Iran General NewsIran rolls back on pledge to free sailor

Iran rolls back on pledge to free sailor


By NASSER KARIMI

Associated Press Writer

TEHRAN, Iran (AP) – Iran on Thursday rolled back on a pledge to release a female British sailor, and a top official said the 15 captives may be put on trial.

Iran’s foreign minister had said Tehran would soon free Faye Turney, the only woman among the sailors and marines seized last week while searching a merchant vessel in what Iran says were its territorial waters near Iraq.

But Gen. Ali Reza Afshar, Iran’s military chief, said that because of the “wrong behavior” by the British government, “the release of a female British soldier has been suspended,” the semiofficial Iranian news agency Mehr reported.

Iranian negotiator Ali Larijani also told state television that British leaders “have miscalculated this issue” and if they follow through with threats, the case “may face a legal path” – presumably putting the Britons on trial.

Britain has circulated a draft press statement to the Security Council, asking it to “deplore” Tehran’s action and demand the immediate release of the captives.

But Security Council diplomats said the statement is likely to face problems from Russia and others because it says the Britons were “operating in Iraqi waters” – a point that Iran contests.

Prime Minister Tony Blair’s government also said it was freezing most contacts with Iran. But Iran’s official Islamic Republic News Agency quoted a government official as playing down the consequences.

“Tehran-London relations were already cold,” the unidentified official said. Iran’s Foreign Ministry is to deliver a letter to the U.N. to protest the violation of its territorial waters, IRNA said.

Britain enlisted international help to free the captives.

U.N. Secretary-General Ban Ki-moon discussed their fate with Iranian Foreign Minister Manouchehr Mottaki on the sidelines of an Arab summit in the Saudi capital, Riyadh, that both were attending.

European Union foreign policy chief Javier Solana urged Iran to free the captives, saying the standoff is blocking efforts to improve relations. In Paris, the Foreign Ministry summoned the Iranian ambassador to express concern and urge their release.

The crisis had appeared to be easing Wednesday, with Mottaki saying that if the alleged entry into Iranian waters proved to have been a mistake “this can be solved,” and that Britain’s “admitting the mistake will facilitate a solution to the problem.” Mottaki also said Iran had GPS devices from the seized British boats that showed they were in Iranian territory.

But tensions soared anew after Iranian television later showed the detainees, with Turney saying her group had “trespassed” in Iranian waters.

The video also displayed what appeared to be a handwritten letter from Turney, 26, to her family. “I have written a letter to the Iranian people to apologize for us entering their waters,” it said. The letter also asks Turney’s parents in Britain to look after her 3-year-old daughter, Molly, and her husband, Adam.

The video showed Turney in a head scarf and her uniform eating with other sailors and marines. Later, wearing a white tunic and black head scarf, she sat in a room before floral curtains and smoked a cigarette.

Turney was the only detainee shown speaking, saying she had been in the navy for nine years.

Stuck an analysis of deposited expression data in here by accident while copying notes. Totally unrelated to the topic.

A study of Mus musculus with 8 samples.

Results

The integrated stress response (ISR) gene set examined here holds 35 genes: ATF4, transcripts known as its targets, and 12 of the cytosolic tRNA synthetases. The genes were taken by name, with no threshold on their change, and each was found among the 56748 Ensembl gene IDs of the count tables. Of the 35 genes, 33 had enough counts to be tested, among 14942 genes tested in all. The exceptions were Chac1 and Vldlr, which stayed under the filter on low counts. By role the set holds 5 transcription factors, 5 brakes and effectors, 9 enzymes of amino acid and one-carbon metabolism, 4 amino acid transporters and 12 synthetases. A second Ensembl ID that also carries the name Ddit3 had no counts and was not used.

“Obviously we trespassed into their waters,” Turney said at one point. “They were very friendly and very hospitable, very thoughtful, nice people. They explained to us why we’ve been arrested. There was no harm, no aggression.”

Britain angrily denounced the video as unacceptable and froze most dealings with Iran.

“Nobody should be put in that position. It is an impossible position to be put in,” said Blair’s spokesman, who spoke on condition of anonymity in keeping with government policy. “It is wrong. It is wrong in terms of the usual conventions that cover this. It is wrong in terms of basic humanity.”

The third Geneva Convention bans subjecting prisoners of war to intimidation, insults or “public curiosity.” Because there is no armed conflict between Iran and Britain, the captives would not technically be classified as prisoners of war.

Britain’s ambassador to Tehran lodged an official complaint, the Foreign Office said.

In Iraq, the Iranian consul in Basra charged that British soldiers on Thursday had surrounded his office and fired shots into the air. The Ministry of Defense in London said the shooting was an exchange of gunfire after British troops on a foot patrol near the Iranian consulate were ambushed.

But Iranian Consul-General Mohammed Ridha Nasir Baghban said British forces had engaged in a “provocative act” that “could worsen the situation of the British sailors.”

“British forces should rely on wisdom and not react because of the British forces’ detention. This reflects negatively on bilateral relations,” Baghban told AP.

In London, Vice Adm. Charles Style said the British boats were seized at 29 degrees 50.36 minutes north latitude and 48 degrees 43.08 minutes east longitude. He said that position had been confirmed by an Indian-flagged merchant ship boarded by the sailors and marines.

But the position, outside the Shatt el-Arab waterway in the Gulf, is an area where no legal boundary exists, leaving it unclear whose territory it lies in, said Kaiyan Kaikobad, author of “The Shatt al-Arab Boundary Question.”

“What we do have is a de facto state practiced boundary – a line both countries have been observing on the spot,” he said. “The problem is that though the British have drawn a line where they claim the de facto line is, we haven’t seen an Iranian version.”

Associated Press writers Tariq Panja in London, Salah Nasrawi in Riyadh, Saudi Arabia, and Edith M. Lederer at the United Nations contributed to this report.